Stressed? Aren’t We All!

Updated: Feb 16, 2019

Stress is a part of life. You have probably been told that all you need to do is decrease your stress and you will feel better. That sounds great, but how do you do that. There may be a few things that you have added to your life that can be removed which will result in decreased stress. However, you can’t do that with everything or even most things. You still have bills to pay, people to take care of, a job to do…the list goes on and on. Since we can’t eliminate all stress from our lives, maybe it is not about eliminating stress but learning how to manage it.


Stress and Our Body

Let’s begin by looking at stress more closely and how our body responds to it. In a previous article (link), we discussed the HPT Axis. No discussion on stress would be complete without discussing the HPA Axis.

Diagram of the HPA Axis and negative feedback loops (1)

Here is the broad overview of this system. You experience a stress that is real or perceived, psychological or physical. The Hypothalamus releases corticotropin-releasing factor (CRF) which travels to the Pituitary. In response to CRF, the Pituitary releases adrenocorticotropic hormone (ACTH). ACTH will travel to the Adrenal Glands, which are located just above the Kidneys. The Adrenal Glands will release cortisol in response to ACTH. There are negative feedback loops that are designed to return the body back to normal function, i.e. homeostasis, after the stress has passed.


The Sympathetic Nervous System is activated by a real or perceived threat. It will result in activation of the HPA Axis. This allows for the release of cortisol and adrenaline from the Adrenal Glands. These hormones, cortisol and adrenaline, will help activate systems in your body to prepare you to fight for your survival or run away for your survival. (2) This is advantageous if your immediate survival is at stake. However for us, our immediate survival is not often at stake, yet we get bombarded by those signals and repetitive stressors throughout the day.

The Parasympathetic Nervous System should be active when we are at rest. Activation of the Sympathetic Nervous System leads to increased heart rate, mobilization of energy stores and inhibits digestion. Once the threat has passed or you are at rest, the Parasympathetic Nervous System leads to slowing of your heart rate and improved digestion. (3) This shows that there is a connection between our brains and our guts. It also explains why it is so common for us to have gut issues when we are overly stressed. We will delve deeper into that topic in a future article.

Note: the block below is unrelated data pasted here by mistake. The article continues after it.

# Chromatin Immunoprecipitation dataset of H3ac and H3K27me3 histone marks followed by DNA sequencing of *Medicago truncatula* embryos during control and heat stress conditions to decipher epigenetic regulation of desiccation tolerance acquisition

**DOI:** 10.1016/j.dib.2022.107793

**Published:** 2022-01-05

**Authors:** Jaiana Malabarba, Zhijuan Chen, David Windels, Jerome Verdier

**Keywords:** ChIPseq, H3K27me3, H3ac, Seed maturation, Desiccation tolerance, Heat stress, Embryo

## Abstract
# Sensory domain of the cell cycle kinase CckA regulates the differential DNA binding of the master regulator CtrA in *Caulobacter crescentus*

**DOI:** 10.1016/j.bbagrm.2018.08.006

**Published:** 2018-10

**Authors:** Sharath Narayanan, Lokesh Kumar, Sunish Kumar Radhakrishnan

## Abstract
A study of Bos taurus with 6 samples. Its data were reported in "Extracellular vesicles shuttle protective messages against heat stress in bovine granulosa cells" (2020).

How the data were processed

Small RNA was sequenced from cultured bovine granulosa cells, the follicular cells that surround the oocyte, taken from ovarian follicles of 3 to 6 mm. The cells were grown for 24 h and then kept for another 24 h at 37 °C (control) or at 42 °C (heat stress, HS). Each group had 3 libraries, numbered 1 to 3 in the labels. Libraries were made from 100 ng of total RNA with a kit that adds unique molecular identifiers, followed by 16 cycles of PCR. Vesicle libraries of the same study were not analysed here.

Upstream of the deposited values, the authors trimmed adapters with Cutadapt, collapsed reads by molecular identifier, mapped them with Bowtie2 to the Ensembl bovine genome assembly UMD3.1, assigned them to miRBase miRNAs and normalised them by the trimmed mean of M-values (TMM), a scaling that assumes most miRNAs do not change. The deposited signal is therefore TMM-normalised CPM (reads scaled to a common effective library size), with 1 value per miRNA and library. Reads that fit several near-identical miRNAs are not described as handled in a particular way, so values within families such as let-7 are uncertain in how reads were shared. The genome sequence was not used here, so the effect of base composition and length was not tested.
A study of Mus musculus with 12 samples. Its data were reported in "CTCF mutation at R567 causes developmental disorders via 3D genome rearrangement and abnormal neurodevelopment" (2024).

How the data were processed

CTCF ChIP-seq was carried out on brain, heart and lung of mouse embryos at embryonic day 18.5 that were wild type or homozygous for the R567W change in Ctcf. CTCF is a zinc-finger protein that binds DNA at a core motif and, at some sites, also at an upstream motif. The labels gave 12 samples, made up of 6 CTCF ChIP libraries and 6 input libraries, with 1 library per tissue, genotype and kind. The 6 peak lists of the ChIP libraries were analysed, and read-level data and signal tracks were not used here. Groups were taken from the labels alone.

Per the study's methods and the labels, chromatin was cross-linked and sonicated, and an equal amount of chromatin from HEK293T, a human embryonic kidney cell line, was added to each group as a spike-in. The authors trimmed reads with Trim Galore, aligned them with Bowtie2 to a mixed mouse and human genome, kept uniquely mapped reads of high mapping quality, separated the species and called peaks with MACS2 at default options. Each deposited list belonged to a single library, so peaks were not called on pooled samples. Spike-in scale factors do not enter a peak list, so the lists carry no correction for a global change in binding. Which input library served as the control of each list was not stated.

How Can We Manage Stress

Now that we have an understanding of what is happening when we experience stress and what should happen when that stressful experience passes, what do we do about it? Knowledge and understanding can be very powerful in reducing stress because they can decrease the threat level we perceive. There are also practical things we can do to manage the stress we experience daily. Here is a short list of practical tips that are easy to do and can provide tremendous benefit.

  1. Meditation





3. Supplements


This is by no means an exhaustive list of items or supplements that will help you manage stress better. Stress is a complex issue and we experience it in its many forms on a daily basis. We will continue to cover stress, adrenal fatigue, etc. in the next article. In the meantime, begin a daily/weekly meditation practice. It does not have to be long, 5–10 minutes is a great place to start. Improve your gut health and stop eating foods that are increasing the load on your body. If you need help in these areas or just want to improve your health, contact me so that we can work together to empower you to be in control of your stress and your health!



References:

  1. http://www.integrativepro.com/Resources/Integrative-Blog/2016/The-HPA-Axis

  2. https://www.ncbi.nlm.nih.gov/pmc/articles/PMC4240627/

  3. https://www.ncbi.nlm.nih.gov/pubmedhealth/PMHT0025459/

  4. https://www.ncbi.nlm.nih.gov/pubmed/21688163

  5. https://www.ncbi.nlm.nih.gov/pmc/articles/PMC3991026/

Disclaimer:

This article is for educational use only. Nothing contained in this article should be considered, or used as a substitute for, medical advice, diagnosis or treatment. This article does not constitute the practice of any medical, nursing or other professional health care advice, diagnosis or treatment. Always seek the advice of a physician or other qualified health care provider with any questions regarding personal health or medical conditions. Never disregard, avoid or delay in obtaining medical advice from your doctor or other qualified health care provider because of something you have read in this article. If you have or suspect that you have a medical problem or condition, you should contact a qualified health care professional immediately. If you are in the United States and are experiencing a medical emergency, you should dial 911 or call for emergency medical help on the nearest telephone.